Intermittent fasting: a breakdown

I went to dinner with some friends recently and one of them told me that he was trying on Intermittent Fasting for size. He explained that it is essentially a daily fast that is broken at the end of the day. So far, from what I could tell, it was working, whatever it was. He seemed more trim and had great energy. He also reported that he felt great, which is usually a good thing.

I wasn't quite sure what he was referring to so I asked what he meant. I didn't understand how you could fast once a day ... so I asked, "you mean, like when we go to bed and then break-fast in the morning?" He laughed and said, "kind of". He explained it a little bit more and once I got it I made a mental note to look into it more.

And then, fortuitously, the next morning on NPR there was a feature on Intermittent Fasting. 

It seems like a great thing, actually. When I first went raw I was really into juice fasts. I completed a 21 day juice fast and I felt like it was an incredible experience that I always looked forward to. Following the 21 day fast I frequently went on 3-4 day fasts whenever I was feeling brave.

Then, when I moved to Miami and consequently into a tropical (read: super humid) climate I stopped that fasting behavior almost immediately. When I first moved here I had planned a usual 3 day fast and even recruited my SO to join me. Within 8 hours of day 1 I threw in the towel. I had never felt so terrible in my life and was then convinced that juice fasting is not for everyone and not always healthy. 

The humid climate made the juice fast very difficult for me and made me think twice about such fasting behavior. I still love juicing and still believe that it works for many people, but I also appreciate the experience of it not working for me so I could explore other ways to "detox", as they say.

What is Intermittent Fasting (IF)?

What I've found in my investigating is that Intermittent Fasting is very approachable and provides the same benefits as calorie restriction. The difference is that it's not depriving, since it's a very short period of time only several days a week, and it's easy to maintain since you're not actually starving yourself. 

To put it simply, you are more likely to eat fewer calories if you cut off eating for certain hours of the day, and that in itself is likely to lead to weight loss.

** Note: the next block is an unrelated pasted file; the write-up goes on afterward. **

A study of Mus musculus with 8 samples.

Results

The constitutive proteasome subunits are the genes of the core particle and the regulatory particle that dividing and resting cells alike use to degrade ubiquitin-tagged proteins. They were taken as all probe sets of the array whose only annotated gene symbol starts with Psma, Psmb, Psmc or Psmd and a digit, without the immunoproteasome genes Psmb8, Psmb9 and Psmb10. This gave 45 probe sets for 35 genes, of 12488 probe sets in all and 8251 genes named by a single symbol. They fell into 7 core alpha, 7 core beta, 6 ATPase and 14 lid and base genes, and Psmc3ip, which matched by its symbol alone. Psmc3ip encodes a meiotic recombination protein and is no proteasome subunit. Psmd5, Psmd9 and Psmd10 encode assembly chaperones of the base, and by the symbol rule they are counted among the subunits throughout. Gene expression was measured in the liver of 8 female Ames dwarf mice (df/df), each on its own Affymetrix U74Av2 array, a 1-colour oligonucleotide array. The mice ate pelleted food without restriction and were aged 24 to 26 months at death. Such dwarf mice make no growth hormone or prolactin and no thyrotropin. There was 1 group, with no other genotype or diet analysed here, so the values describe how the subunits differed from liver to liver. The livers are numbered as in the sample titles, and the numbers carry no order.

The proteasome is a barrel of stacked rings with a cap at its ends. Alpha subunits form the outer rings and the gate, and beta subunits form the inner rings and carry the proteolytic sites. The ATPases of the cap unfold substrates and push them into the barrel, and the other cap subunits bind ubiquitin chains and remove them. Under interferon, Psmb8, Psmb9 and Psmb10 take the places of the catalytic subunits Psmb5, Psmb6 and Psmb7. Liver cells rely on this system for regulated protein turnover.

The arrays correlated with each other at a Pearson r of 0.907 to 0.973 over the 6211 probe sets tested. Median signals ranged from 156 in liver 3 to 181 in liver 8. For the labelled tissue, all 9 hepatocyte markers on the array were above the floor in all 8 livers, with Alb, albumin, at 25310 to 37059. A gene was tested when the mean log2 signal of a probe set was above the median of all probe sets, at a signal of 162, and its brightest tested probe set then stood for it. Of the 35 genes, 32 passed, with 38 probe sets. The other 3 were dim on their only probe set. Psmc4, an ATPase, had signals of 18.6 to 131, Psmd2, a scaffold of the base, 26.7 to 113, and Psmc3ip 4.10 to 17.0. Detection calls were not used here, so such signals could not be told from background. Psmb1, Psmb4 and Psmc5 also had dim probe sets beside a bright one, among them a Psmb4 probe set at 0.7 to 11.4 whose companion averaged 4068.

The root of the theory is this: Your body relies on glycogen stores for energy, releasing it for use in the body as needed. So within the first few hours of eating your body is able to supply a steady source of energy from the foods you've eaten. If you continue to replace your glycogen by eating throughout the day, with no more than 8 hours between a meal, then you will constantly use your carbohydrate and sugar consumption for energy, leaving your fat stores mostly untouched.

The theory says that if you fast for at least 16 hours in a 24 hour cycle--say, restricting eating times to 11 a.m. to 7 p.m., or 8 a.m. to 4 p.m.--then your body will then dip into your fat stores and begin burning fat for energy. This, in turn, helps improve your overall health as excess fat is a stress on your body. Not to mention, you then burn excess fat, making you less fatty.
The theory also states that once 16 hours of fasting has passed, if you continue the fast your body will begin to dip into muscle for energy. Most people do not want to deplete their muscles storage so find that the 16 hour mark is a good one to have the first meal of the day.

Is it safe?

As with any "diet" it is important to do your research, speak with medical and/or health professionals that you trust, and make wise decisions for yourself. Most health professionals have the same consensus on this: yes, it is safe, to a degree. If you have specific health conditions that could be triggered by IF then avoid it (i.e. pregnant, lactating, hypoglycemic, etc.). Otherwise, it doesn't hurt to eat your meals only during your most active hours of the day.

What about many small meals a day?

One of the biggest "diet" trends today are to keep your metabolism running high by eating continuously throughout the day. This is one trend I mostly disagree with, no matter how healthy you are, only because eating 6 times a day in a healthful way is very unlikely. It's not unlikely because it's a bad theory, but it's unlikely because what most people consider to be "small meals" are protein shakes and protein bars ... which are not health foods. In fact, Dr. Weil addresses this same idea here and mentions that most of these meal bars are actually more like candy bars.

The main idea, here, is to just be mindful of your eating and overall health habits. As Michael Pollan put it: 

"Eat food. Not too much. Mostly plants.'

I like to stick to the 8 a.m. to 4 p.m. time frame, naturally, and sometimes I do eat after that. Sometimes I eat during a different 8 hour period. I've always believed in eating for your energy needs and that has naturally made me an IFer. Either way I feel good and I feel healthy and that's what is important. Find what works for you!

Have you ever tried IF? What are your thoughts??